Inside the New Hampshire pitch to those who don't want Trump

MANCHESTER, N.H. (AP) — For all the passionate support Donald Trump has amassed in New Hampshire, many Republicans and independent voters are just as passionate about not voting for Donald Trump.

They are an enticing target for the pack of Republicans off the front-runner's pace, who seek to turn a second-place finish in the nation's first primary — or maybe even an upset win — into validation they're the candidate best able to challenge the brash real estate billionaire in South Carolina and beyond.

Those voters are also a stressed-out bunch, as they take in town halls with Chris Christie and Jeb Bush, and attend rallies with Marco Rubio and meet and greets with John Kasich.

"I only have, like, six weeks to make up my mind, and this is making me sick," said Linda Fournier of Salem, who's been keeping a close eye on the contest for nearly a year. "I actually go to bed at night worrying about this. This is just one vote, but it's so important to me."

Those four candidates are generally viewed as able to win over a GOP establishment worried about the prospect of Trump or Texas Sen. Ted Cruz as their party's nominee. They combine for roughly 45 percent of support in recent preference polls — enough to top Trump as one, but fall far short split between them.

New evidence of the intensity between the four emerges daily in the form of escalating attacks in ads, in interviews and at their events. The four share similar ideas about policy and politics, but their pitch to voters differ as they seek to come out on top.

What they all agree on: It's in New Hampshire where their White House aspirations may find life — or come to an end.

"You are among the most powerful people in the world right now," Christie told voters at a recent town hall with the Manchester Rotary Club. "You and you alone will decide who the other 48 states have to pick from to be the Republican nominee for president of the United States."

For Christie, the New Jersey governor who thrives on one-on-one interaction, the setting of choice has been town halls. Christie seeks to present himself as a relatable everyman, peppering the events with life stories and personal anecdotes, weaving between well-tested tear-jerkers and lines that leave attendees laughing out loud.

Since the attacks in Paris and San Bernardino, Christie has increasingly put the focus on his record as a U.S. attorney, the job he held before he was governor. He calls himself a battle-tested crime fighter who has the fire to appeal to Trump voters who are angry about the country's direction, but comes with the executive governing experience the former reality TV star lacks.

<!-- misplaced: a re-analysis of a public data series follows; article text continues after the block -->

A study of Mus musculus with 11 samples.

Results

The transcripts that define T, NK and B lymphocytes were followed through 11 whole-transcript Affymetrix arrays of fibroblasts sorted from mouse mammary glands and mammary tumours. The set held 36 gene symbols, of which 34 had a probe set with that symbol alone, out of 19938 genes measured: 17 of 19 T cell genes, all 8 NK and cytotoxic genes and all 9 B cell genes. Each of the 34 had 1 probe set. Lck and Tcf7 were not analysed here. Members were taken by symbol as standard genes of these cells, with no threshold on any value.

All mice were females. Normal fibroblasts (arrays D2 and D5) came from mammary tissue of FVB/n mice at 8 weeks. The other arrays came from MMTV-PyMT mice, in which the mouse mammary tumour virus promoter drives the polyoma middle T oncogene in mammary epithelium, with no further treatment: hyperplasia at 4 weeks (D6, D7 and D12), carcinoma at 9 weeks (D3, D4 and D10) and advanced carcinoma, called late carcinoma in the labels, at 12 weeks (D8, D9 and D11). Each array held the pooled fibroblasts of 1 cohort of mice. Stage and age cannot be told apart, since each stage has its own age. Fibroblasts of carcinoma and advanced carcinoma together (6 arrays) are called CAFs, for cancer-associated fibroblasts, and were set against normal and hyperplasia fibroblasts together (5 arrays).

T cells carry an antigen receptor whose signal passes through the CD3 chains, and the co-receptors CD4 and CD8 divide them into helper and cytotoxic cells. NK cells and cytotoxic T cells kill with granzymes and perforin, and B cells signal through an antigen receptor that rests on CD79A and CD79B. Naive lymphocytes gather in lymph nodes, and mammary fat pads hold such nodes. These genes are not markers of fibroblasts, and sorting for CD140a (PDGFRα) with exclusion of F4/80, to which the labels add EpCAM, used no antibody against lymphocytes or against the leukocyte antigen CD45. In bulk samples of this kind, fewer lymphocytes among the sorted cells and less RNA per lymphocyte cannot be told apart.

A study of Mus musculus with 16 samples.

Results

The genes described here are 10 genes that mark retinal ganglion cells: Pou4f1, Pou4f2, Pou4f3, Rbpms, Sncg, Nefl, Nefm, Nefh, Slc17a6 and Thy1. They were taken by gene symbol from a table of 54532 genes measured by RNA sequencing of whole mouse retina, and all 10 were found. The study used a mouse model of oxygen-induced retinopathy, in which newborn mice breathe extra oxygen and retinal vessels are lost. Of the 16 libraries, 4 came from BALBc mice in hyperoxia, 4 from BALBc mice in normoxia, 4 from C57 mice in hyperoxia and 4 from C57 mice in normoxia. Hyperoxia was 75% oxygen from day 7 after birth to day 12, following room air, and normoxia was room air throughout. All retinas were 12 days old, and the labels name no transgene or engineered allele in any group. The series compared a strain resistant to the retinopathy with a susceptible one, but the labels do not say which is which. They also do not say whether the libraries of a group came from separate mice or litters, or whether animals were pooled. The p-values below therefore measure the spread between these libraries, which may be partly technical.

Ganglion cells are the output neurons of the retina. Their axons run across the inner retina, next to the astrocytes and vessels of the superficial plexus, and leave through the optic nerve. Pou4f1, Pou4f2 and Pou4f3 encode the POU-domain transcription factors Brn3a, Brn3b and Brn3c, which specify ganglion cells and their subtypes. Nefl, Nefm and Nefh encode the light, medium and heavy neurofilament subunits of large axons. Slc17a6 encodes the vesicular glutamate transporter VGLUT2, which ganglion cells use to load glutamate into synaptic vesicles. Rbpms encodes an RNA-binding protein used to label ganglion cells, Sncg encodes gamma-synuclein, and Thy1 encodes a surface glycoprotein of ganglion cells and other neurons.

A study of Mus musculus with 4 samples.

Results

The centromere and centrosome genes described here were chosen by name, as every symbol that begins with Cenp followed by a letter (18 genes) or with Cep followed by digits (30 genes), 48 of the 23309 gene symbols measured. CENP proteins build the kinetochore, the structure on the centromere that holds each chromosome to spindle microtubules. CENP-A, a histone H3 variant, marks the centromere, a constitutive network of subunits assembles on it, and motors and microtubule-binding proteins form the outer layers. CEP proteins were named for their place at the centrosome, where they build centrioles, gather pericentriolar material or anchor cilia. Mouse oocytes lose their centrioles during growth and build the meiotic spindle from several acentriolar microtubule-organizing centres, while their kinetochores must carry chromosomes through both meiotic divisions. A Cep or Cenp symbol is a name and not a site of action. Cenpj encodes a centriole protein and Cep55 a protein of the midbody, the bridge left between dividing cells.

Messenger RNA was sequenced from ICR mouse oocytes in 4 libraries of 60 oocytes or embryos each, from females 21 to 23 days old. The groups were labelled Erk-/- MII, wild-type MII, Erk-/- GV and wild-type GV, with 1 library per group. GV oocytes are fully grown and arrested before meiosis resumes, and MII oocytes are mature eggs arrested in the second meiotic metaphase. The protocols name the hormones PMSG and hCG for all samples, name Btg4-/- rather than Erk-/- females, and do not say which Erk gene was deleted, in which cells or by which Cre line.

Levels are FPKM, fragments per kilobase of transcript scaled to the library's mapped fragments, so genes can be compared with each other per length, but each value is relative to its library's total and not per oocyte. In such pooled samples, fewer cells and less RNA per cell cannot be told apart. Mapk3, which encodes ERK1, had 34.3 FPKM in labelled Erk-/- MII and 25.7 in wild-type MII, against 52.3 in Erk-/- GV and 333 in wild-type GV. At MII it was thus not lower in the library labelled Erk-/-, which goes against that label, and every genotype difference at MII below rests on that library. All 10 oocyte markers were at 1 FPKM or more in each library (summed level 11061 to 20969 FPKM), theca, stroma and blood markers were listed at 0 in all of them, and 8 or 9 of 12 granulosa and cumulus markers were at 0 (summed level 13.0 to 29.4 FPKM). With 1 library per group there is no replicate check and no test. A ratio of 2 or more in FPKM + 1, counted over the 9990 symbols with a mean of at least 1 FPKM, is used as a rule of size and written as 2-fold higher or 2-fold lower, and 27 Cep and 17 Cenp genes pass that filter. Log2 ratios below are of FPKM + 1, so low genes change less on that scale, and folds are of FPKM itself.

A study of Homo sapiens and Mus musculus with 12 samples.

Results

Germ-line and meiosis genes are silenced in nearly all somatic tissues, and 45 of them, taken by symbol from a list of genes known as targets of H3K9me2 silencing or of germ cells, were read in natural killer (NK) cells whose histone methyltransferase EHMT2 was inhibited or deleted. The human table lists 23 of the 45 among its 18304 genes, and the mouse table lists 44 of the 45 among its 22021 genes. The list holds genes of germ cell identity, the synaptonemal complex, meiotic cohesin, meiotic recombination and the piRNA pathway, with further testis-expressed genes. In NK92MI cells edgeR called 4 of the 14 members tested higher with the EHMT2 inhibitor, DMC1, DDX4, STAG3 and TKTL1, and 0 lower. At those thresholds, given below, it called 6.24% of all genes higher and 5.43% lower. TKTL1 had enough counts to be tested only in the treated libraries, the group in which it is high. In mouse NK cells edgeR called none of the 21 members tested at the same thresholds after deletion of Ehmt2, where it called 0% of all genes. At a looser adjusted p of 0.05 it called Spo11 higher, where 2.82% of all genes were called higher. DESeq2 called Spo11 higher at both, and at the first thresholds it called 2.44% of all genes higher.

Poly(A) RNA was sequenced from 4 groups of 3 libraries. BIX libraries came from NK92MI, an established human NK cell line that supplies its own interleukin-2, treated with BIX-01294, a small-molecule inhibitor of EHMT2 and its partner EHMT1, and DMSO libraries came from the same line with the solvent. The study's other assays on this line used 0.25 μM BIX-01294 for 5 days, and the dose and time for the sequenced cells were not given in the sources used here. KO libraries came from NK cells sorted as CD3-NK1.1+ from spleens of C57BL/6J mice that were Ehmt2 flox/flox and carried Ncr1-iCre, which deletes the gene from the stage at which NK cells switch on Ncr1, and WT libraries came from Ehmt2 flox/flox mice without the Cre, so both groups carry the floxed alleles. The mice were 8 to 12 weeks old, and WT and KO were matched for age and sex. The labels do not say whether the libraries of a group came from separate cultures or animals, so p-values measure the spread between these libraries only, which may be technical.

"He's very down-to-earth. He cares," said Anne Kagen, a nursing assistant from Manchester.

Bush, the former Florida governor, has spent much of the race trying to convince voters that he's the candidate they need, even though he may not be the one who excites them the most.

In mid-December, Bush moved away from his on-and-off, sometimes indirect jabs at Trump. In its place came an uninhibited attack on the national GOP front-runner, who Bush calls the "chaos candidate" as he mocks his debate answers and policy proposals.

With his penchant for promoting what he calls "disruptive" policy reform, Bush presents his eight years as governor of Florida as the centerpiece of his candidacy. He touts Florida as "a diverse, vibrant" place, and a perennial swing state worth a whopping 29 electoral votes.

"I like Marco Rubio because he's moderate," said Novelline Clayburgh, a Republican voter from Portsmouth. "But Jeb Bush did a fantastic job as governor. And I think we're better off electing a governor."

Rubio, the Florida senator, centers his campaign pitch on his personal biography, attempting to craft an aspirational message that appeals to voters across a broad spectrum of the Republican Party. While Rubio is fighting to be the mainstream alternative to Trump, he's actively trying to distance himself from the "establishment" label.

"When I decided to run for president, many of the same people in the establishment said, 'You can't run, it's not your turn, you need to wait,' and my answer's, 'Wait for what?'" Rubio says often.

Like Rubio, Ohio Gov. John Kasich makes his life story a key part of his pitch. He also stresses his record as governor of a key swing state and his work in Congress as the chair of the House Budget Committee, while adding that he's prepared to buck the Republican establishment — and has on issues such as expanding Medicaid.

"I'm talking to everybody, because I feel like it's a message that can connect with everyone," Kasich said. "That's why I'm optimistic, and frankly it's why we're doing better and better up here.